As Viacom’s lawsuit against YouTube continues through its discovery phase, a San Jose district judge’s decision concerning a small pornography company may represent a significant development on the issue of copyright infringement liability in the digital age.
U.S. District Judge Howard Lloyd has issued a summary judgment that online video-sharing
service Veoh isn’t liable for copyright infringement for material uploaded to its Web site by users, dismissing a lawsuit brought by adult-entertainment production company, Io Group. Here’s the ruling.
The reason why this case may be so important is that the parties in the case echoed the positions in Viacom-v. YouTube: Io claimed that the offending user-generated website was much like Grokster and should hold liable for secondary infringement. Veoh defended itself by pointing out Section 512(c) of the Digital Copyright Millennium Act, which affords “safe harbor” from liability to online service providers that promptly respond to notices of infringing material.
At least for now, Veoh has won the day.
Judge Lloyd ruled that Veoh, who was repped by Michael Elkin at Winston & Strawn, has “a strong DMCA policy” and “takes active steps to limit incidents of infringement on its website and works diligently to keep unauthorized works off its Web site.”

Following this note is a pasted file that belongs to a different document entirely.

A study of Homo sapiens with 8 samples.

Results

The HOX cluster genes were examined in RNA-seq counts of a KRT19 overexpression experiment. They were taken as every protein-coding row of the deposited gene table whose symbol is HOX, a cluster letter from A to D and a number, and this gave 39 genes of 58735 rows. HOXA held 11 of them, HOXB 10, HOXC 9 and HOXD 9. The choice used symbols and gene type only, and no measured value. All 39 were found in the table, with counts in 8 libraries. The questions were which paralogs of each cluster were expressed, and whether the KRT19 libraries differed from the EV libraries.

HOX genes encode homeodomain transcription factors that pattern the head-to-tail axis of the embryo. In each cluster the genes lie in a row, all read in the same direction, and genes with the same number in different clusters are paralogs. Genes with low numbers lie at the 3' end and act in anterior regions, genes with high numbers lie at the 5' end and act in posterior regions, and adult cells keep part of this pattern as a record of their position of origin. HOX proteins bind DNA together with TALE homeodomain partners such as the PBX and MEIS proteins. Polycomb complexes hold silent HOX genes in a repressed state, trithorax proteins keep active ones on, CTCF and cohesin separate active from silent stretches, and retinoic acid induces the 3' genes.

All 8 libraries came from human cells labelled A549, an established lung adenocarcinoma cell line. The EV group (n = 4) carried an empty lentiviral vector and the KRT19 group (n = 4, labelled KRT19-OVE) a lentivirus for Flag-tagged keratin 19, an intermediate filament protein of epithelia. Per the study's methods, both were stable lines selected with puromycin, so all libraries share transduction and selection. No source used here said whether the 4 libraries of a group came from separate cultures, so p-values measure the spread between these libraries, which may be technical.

The judge went even further, spelling out the difference between Veoh and the original version of Napster:
“Napster existed solely to provide the site and facilities for copyright infringement, and its control over its system was directly intertwined with its ability to control infringing activity… by contrast, Veoh’s right and ability to control its system does not equate to the right and ability to control infringing activity. Unlike Napster, there is no suggestion that Veoh aims to encourage copyright infringement on its system. And, there is no evidence that Veoh can control what content users choose to upload before it is uploaded.”
If the case represents a harbinger of things to come in the Viacom-YouTube case, even Google couldn’t have written this decision any better. In fact, in response to Judge Lloyd’s decision, YouTube chief counsel Zahavah Levine issued a statement saying that: “It is great to see the court confirm that the DMCA protects services like YouTube that follow the law and respect copyrights.”
Some lawyers believe that the case won’t factor into how a New York court decides the YouTube case. Carey Ramos, a partner at Paul Weiss, tells us that “the result was driven by some unique facts in the case — first and foremost that Io is seeking to protect copyright in adult material and for whatever reason did not give notice to Veoh that they were hosting infringing material.”
Nevertheless Ramos believes that Veoh may suddenly become one of the most influential digital media businesses around as “others will try to mimic what they did that afforded them protection.”